LAS VEGAS — President Obama and GOP presidential candidate Mitt Romney must face down a dubious and slippery opponent in Nevada this November. The mystery foe cannot be tamed with television ads and never breaks a campaign pledge. Its name is “none of these candidates.”
Nevada is the only state in the nation to offer voters the quirky ballot choice, and for more than three decades, statewide candidates here have had to contend with it. But this year, nervous Republicans have filed a federal lawsuit to try to oust “none” from the ballot.
They worry that “none” could siphon away a sufficient number of anti-Obama voters from Romney to throw the state to the president. And because the Silver State's six electoral votes are some of the most hotly contested in the nation, Republicans don’t want to leave anything to chance.
The Republican National Committee declined to comment for this story, but an official there acknowledged that the party is bankrolling the lawsuit, filed last month, to add “clarity” to the ballot.
In this state, known for its love of long odds, it’s not as outlandish as it sounds that “none” could have a big impact on the outcome. It has before. In 1998, now-Senate Majority Leader Harry Reid squeaked past Republican John Ensign by barely more than 400 votes in his reelection bid; “none” tallied more than 8,000 votes that year.
“None” has even won some primary elections, albeit not recently. When “none” wins, the second-place finisher is named the winner, and that is the crux of the GOP lawsuit, which argues that “none” is disenfranchising Nevada voters.
“One of the above candidates is going to get elected,” said Bruce Woodbury, a Republican and a former longtime Clark County commissioner, who is among those signing onto the lawsuit. He called the “none” option a “bait-and-switch scam.”
The lawsuit’s chances are slim, said Rick Hasen, an election-law expert and a professor at the University of California (Irvine) law school. “None of the above is functionally equivalent to a person not voting for a political office,” he said. Plus, Hasen added, the Constitution gives state legislatures broad latitude to design presidential ballots.
Other states have considered adding “none” to the ballot. California voted down a ballot measure to do so more than a decade ago. But outside Nevada, it exists only in other countries.
Woodbury, who backs Romney, acknowledged that stripping “none” could help the GOP this year. “Obama’s the incumbent, so I think that ‘none of the above’ on the ballot benefits him and hurts Romney,” he said.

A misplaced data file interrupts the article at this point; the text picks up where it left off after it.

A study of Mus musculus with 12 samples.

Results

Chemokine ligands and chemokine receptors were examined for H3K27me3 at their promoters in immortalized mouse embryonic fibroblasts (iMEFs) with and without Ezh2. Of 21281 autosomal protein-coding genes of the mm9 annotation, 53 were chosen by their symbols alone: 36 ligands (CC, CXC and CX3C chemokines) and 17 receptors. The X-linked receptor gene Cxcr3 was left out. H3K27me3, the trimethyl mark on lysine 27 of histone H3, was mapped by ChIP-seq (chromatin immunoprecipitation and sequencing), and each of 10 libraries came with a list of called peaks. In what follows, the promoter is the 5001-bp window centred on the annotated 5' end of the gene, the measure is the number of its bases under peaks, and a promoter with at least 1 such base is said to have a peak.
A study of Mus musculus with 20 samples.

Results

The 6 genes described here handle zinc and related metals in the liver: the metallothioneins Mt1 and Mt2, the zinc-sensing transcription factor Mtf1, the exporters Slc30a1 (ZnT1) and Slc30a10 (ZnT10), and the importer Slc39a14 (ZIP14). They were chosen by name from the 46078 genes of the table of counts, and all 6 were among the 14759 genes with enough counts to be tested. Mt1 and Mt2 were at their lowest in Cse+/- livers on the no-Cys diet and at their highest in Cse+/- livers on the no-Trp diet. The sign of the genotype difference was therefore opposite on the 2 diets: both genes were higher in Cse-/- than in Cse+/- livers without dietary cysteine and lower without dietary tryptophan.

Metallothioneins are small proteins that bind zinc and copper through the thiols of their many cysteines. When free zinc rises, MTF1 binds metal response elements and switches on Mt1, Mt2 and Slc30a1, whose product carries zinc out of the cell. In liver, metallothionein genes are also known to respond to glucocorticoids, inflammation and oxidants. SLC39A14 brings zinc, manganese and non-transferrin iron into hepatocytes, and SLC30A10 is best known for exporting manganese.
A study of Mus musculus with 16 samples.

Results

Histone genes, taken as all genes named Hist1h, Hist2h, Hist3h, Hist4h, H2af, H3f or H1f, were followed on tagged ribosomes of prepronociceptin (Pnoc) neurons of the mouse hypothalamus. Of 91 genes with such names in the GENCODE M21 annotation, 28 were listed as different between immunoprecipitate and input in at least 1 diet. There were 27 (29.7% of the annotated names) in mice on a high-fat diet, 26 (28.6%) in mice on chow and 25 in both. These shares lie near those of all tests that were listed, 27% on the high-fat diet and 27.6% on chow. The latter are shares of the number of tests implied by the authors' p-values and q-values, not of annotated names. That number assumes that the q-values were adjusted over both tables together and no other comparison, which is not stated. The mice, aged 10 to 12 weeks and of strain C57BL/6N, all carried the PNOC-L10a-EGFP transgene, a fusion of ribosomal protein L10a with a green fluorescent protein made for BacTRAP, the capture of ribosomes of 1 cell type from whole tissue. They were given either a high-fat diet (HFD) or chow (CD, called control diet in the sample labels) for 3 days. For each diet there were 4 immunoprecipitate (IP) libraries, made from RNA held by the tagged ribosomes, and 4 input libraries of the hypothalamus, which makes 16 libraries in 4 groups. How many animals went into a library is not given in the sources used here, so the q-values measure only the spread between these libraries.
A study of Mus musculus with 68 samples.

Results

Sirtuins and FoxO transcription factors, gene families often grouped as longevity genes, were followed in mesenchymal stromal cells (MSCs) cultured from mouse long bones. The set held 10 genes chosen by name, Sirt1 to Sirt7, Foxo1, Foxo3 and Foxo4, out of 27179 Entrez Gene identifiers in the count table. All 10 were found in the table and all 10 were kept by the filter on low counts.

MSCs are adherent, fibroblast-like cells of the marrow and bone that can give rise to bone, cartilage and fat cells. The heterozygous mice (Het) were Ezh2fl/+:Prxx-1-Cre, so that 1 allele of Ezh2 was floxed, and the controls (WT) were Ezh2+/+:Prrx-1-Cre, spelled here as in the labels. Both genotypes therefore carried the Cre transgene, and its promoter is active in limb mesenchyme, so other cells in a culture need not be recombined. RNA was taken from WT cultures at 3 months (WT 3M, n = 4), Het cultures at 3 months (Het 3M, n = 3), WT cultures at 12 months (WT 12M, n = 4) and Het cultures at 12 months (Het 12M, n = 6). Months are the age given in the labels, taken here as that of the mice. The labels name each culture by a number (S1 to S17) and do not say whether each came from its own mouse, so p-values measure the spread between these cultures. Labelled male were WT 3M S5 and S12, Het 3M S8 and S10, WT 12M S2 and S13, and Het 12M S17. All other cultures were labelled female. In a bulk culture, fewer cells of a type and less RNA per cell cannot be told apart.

Zac Petkanas, a strategist for the Nevada Democratic Party, criticized the suit as a “blatantly political move to restrict the choice of Nevada voters.”
“[It] clearly shows how scared the Romney campaign is about the deep divisions within the Nevada Republican Party and the distrust his base feels about his candidacy,” he said.
David Damore, an associate professor of political science at the University of Nevada (Las Vegas), wrote in a recent study that voting for “none” appears to be a “a form of purposeful protest” for voters unhappy with the candidates on the ballot.
“None” was last in the news in 2010, when Reid, who was unpopular in the state, was on the ballot. In his primary, “none” gobbled up more than 10 percent of the vote, but that share dropped to 2.2 percent as Reid bested GOP challenger Sharron Angle in the general election.
Nevada political strategists and politicians are divided over what, if any impact, stripping “none” from the ballot would have in the presidential race this year, or in the heated Senate race between Republican Sen. Dean Heller and Rep. Shelley Berkley, the Democratic challenger.
Peter Ernaut, a former GOP state lawmaker turned political strategist, said he doubted that the Republican-led lawsuit would make any difference. Those voters who trudge to the polls to select “none” aren’t that predictable, he said, even if they’re unhappy with the incumbent.
“A person that does that is probably just as likely to voice their protest by not voting at all,” Ernaut said.
Billy Vassiliadis, a Democrat who works with Ernaut at the Nevada-based public-affairs firm R&R Partners, said he doubted that the GOP efforts would alter the race but welcomed them anyway.
“It’s distractive and delusional and not particularly effective,” Vassiliadis said. “God bless ’em.”